He had been having an affair.
Am I awake? I think. Can I breathe? Where am I? Is this really happening?
The door is open don’t go back to sleep.
I make my way out of the fog and begin to connect the dots. His obsession with running. Working out of town during the summer and his silences that filled our phone conversations when I would ask him if everything was okay.
The door is open don’t go back to sleep.
I quickly try to gather the pieces. Before long I realize that my initial impulse to put him and me back together again is futile. He cannot bear the weight of what he has done. This man with such a tremendous amount of integrity has scared the shit out of himself. He is stunned by his choices and doesn’t seem to know how to be present to me and himself in the midst of it. He closes Pandora’s Box telling himself that everything is tucked back in as it should be. But the truth is there is no way to work through it. In the end, I cannot bear the weight of my own grief. I move between feeling numb, anger, rage and despair.
Something inside me was demanding my attention. But I wouldn’t discover the source of its voice until much later.
I cannot go back to sleep.
It would take me years to climb out of the semi-darkness of that period of my life. I spent a lot of time moving between self criticism, denial, and blame. I kept busy. I moved like something was chasing me. My body ultimately felt the full impact of the potential “attack” and with that came an awakening that continues to ask me to grow and expand in ways I never thought imaginable.
But why was all of that necessary? Was there a kinder, softer way to have discovered the me that eventually revealed itself? How could I have allowed space for more of the feelings that were showing up without being sucked into a pool of despair?
I know now that my body and soul had needed time to process the rupture and its effects in a way that would honor their pace and pain.
In Come As You Are, Emily Nagoski, PhD talks about sex and science. Although that’s a topic I love and the book rocks, that’s for another post. What I was drawn to was her discussion of the importance of completing the stress response. She says that “our ultrasocial human brains are really good at self-inhibition, stopping the stress response midcycle because, “Now is not an appropriate time for Feels.”” Basically, we are socialized and in part, wired to stuff it when upsetting things happen.
We are socialized to cut ourselves off before we have completed the much needed stress response cycle. In our society it is typically reinforced that when we have a traumatic event, like a car accident, a death or a rupture in a relationship, that we need to get through it as quickly as possible. We are told that keeping busy and self-medicating are acceptable means for managing the stress.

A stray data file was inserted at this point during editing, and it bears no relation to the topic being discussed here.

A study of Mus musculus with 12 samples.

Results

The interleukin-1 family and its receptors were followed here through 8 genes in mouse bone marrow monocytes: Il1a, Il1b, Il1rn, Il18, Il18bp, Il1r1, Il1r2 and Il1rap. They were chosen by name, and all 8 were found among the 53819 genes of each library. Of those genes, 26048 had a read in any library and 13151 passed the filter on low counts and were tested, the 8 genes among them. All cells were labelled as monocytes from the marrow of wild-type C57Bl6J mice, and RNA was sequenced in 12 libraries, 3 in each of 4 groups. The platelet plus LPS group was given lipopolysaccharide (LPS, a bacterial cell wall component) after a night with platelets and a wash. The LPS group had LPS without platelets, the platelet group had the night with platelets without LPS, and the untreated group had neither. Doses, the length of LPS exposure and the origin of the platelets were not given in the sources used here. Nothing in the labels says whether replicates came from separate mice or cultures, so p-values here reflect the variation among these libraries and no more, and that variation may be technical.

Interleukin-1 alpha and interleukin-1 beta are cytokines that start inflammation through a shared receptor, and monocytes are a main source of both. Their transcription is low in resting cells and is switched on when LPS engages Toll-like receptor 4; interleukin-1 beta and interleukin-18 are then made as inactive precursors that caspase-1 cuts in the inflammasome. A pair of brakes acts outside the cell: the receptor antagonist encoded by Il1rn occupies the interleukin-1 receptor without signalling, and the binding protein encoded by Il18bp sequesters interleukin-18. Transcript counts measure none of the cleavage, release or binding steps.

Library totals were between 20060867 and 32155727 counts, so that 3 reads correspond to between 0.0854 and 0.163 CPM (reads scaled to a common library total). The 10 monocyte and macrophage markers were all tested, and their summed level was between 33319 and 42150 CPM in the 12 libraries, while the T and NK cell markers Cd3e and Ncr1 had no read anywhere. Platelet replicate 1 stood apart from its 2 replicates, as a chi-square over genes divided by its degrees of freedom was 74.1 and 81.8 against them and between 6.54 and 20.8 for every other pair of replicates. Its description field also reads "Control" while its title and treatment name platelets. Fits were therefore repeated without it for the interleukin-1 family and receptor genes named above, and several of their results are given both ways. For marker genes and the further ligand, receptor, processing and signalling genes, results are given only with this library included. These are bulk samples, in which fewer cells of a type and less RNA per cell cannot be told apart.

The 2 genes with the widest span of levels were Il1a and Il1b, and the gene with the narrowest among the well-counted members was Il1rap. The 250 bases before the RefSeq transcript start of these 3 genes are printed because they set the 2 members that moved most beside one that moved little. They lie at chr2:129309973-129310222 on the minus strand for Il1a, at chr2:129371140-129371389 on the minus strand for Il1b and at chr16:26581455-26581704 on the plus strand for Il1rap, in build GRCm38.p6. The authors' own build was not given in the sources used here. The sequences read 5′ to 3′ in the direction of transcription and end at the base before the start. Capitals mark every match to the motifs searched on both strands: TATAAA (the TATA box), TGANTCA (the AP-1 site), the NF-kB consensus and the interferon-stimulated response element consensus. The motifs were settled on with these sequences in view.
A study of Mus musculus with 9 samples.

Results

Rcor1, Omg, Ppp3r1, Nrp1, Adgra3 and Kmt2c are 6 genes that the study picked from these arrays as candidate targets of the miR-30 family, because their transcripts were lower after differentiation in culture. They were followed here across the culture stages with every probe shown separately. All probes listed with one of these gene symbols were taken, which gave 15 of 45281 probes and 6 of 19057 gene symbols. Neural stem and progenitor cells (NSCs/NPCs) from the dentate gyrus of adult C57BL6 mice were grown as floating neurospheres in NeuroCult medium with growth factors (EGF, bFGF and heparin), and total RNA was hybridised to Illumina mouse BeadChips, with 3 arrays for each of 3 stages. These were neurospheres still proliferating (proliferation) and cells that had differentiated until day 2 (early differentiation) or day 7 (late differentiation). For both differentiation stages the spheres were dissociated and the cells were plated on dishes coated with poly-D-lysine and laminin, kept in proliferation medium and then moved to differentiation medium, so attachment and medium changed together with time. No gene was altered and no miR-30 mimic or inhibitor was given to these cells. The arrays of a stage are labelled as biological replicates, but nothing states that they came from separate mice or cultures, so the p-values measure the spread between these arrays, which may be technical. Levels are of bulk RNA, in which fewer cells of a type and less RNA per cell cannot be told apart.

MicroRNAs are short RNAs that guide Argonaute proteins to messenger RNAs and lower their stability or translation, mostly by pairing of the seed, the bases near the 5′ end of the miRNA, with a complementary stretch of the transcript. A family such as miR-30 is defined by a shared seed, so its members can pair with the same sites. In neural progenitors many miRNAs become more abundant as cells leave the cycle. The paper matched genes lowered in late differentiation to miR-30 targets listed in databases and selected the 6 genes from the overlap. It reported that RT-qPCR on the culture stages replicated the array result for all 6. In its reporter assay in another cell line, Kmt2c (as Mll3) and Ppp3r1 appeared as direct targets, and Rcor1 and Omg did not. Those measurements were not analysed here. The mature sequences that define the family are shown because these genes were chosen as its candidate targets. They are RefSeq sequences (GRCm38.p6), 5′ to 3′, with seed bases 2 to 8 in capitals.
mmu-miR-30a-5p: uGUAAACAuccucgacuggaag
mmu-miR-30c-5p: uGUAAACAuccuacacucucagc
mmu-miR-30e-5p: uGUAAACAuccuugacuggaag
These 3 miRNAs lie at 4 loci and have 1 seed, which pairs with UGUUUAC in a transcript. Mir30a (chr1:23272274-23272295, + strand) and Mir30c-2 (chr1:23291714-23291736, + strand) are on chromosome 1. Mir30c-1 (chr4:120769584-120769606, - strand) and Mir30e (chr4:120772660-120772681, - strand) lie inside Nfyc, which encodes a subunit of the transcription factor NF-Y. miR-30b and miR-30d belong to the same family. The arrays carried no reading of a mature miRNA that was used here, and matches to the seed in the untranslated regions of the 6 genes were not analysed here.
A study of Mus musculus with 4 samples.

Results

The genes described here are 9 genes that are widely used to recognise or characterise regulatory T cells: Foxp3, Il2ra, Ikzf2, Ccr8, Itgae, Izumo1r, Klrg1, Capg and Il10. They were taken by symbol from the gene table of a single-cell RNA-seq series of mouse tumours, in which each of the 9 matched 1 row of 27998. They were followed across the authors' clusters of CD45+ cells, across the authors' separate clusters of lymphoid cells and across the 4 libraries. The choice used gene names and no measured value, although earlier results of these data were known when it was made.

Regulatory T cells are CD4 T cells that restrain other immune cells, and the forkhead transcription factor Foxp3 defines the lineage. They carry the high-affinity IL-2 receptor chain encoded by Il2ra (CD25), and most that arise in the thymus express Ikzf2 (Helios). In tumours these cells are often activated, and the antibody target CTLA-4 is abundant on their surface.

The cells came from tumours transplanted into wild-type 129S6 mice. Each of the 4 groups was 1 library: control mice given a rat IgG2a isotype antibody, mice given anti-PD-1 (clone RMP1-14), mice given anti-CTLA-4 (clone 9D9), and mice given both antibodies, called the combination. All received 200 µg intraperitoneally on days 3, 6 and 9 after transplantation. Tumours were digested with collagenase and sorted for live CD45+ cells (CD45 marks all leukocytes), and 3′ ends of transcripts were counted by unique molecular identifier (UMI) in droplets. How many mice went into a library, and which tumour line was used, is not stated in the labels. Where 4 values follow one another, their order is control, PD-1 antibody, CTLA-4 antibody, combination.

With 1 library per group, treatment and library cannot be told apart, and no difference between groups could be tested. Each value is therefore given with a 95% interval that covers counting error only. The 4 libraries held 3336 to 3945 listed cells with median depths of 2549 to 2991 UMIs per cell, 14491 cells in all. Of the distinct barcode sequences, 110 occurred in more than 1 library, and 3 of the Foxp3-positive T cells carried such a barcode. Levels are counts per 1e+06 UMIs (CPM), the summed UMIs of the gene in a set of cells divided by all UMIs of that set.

Nagoski goes on to say that “our culture is so uncomfortable with Feels that we may even sedate people who’ve just been in a car accident, preventing their bodies from moving through this natural process; this well-intentioned medical intervention has the unwanted consequence of trapping survivors of traumatic injury in freeze, which is how PTSD gets a foothold in a survivor’s brain”. I vividly recall the moment that I became fully convinced that I could contain the grief and anger. I’m pretty sure it involved a lot of wine.
In no way do I believe that everyone’s process looks the same when “life on life’s terms” shows up. But for me there were certain steps I learned to take and continue to take as often as I can when I feel blown off course:
- Connect – let those that love you in
- Move your body – dance, swim, yoga
- Breathe – practice meditation, breathwork, tai chi
- Let your body talk to you – cry, laugh, sing, yell
- Find the trees – walk in the woods
- Let your inner artist shine – draw, paint, more dancing
- Seek outside help – therapist, pastoral care, shaman, bodyworkers
- Tell yourself the truth – name the struggle
- Hold space – practice not resisting what is
- Rest. rest. rest
I have come to learn that my body and soul need me to be conscious. To be awake. When I do this, I’m more clear, more attuned, more alive.
I want to be that person that when the door flies open and invites me in, I don’t go back to sleep.
Enter knowing that you were born for this. Others have come before you. Hold space and when you feel like you’re not up to the task, ask others to hold it with you. The cost is great when we allow ourselves to fall back into the unconscious slumber. Waking is its own process. Be curious. Be kind. Be.